A blistering heat wave has claimed hundreds of lives across southern Pakistan, mainly in Karachi. While the peak of the heat has passed, unusual warmth will persist for the foreseeable future.
The death toll from heat that has been baking southern Pakistan for days climbed on Wednesday to 838, according to the Associated Press. It is feared that the death toll could rise further with many of the sick being listed in critical condition.
In Karachi alone, 800 of those lives were lost with another 38 people perishing in other parts of Pakistan's Sindh province (where Karachi is the capital).
The deadly heat wave spanned June 18 to June 23 when temperatures in Karachi soared past 38 C (100 F) daily. June 20 was the hottest day with a high of 44.8 C (113 F).
"Highs from 33 to 35 C (lower to middle 90s) are more common for Karachi this time of year since it sits along the coast [of the Arabian Sea]," stated AccuWeather Meteorologist Rob Richards.
The Associated Press reports that the situation became more dangerous as residents dealing with the heat were also faced with hours-long power outages and little running water. The city suffers from an inefficient power grid and a shortage of drinkable water.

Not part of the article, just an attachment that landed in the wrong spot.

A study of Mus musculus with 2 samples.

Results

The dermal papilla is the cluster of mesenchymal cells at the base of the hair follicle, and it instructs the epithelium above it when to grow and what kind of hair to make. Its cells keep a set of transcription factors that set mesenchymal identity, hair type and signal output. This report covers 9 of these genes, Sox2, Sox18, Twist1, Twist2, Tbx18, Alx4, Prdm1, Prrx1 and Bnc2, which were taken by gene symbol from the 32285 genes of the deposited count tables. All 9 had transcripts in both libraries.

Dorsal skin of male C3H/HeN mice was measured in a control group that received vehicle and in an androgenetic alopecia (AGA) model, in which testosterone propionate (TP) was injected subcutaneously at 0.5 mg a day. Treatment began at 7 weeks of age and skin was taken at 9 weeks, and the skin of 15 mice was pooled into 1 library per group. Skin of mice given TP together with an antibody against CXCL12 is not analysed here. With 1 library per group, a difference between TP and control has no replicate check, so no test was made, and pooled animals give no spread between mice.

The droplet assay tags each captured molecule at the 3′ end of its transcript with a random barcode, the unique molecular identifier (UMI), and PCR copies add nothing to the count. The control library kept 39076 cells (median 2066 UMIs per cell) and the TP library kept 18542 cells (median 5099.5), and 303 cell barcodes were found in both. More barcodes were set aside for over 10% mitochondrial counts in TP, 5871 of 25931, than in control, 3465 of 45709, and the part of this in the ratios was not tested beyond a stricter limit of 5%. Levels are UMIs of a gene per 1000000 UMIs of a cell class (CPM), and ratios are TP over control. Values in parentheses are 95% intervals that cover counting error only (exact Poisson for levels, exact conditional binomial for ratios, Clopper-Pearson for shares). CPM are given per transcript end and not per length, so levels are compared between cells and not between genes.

In addition, many people are fasting for the Muslim holy month of Ramadan.
"Since the monsoon has been slower to get into northwestern India, Karachi has been tremendously dry with intense heat," stated AccuWeather Meteorologist Anthony Sagliani.
Karachi has not recorded measurable rain since mid-March, meaning that none of the sun's energy is working to evaporate moisture in the ground and all is being used for heating.
As the monsoon advances, it pushes the dome of heat across Pakistan to the north and allows more comfortable air from the Arabian Sea to stream into Karachi.
Even outside of the monsoon season, an onshore flow from the Arabian Sea can keep the heat in check in Karachi. That was largely absent late last week through early this week.
While the heat in Karachi has reached its peak, the air will remain unusually warm with temperatures rising to around 38 C (100 F) each day through at least the end of June. Little or no relief will then follow for the first part of July, according to Sagliani.
"There are no signs of the monsoon getting up into southern Pakistan through mid-July, causing temperatures in Karachi to stay above normal," he said.
The persistent warmth, combined with high humidity to create dangerously higher AccuWeather RealFeel® temperatures, could put more residents at risk of suffering from a heat-related illness or death.
Anyone who must engage in strenuous outdoor activities are encouraged to drink plenty of water and take frequent breaks. If possible, such activities should be avoided during the midday and afternoon hours--the hottest time of the day.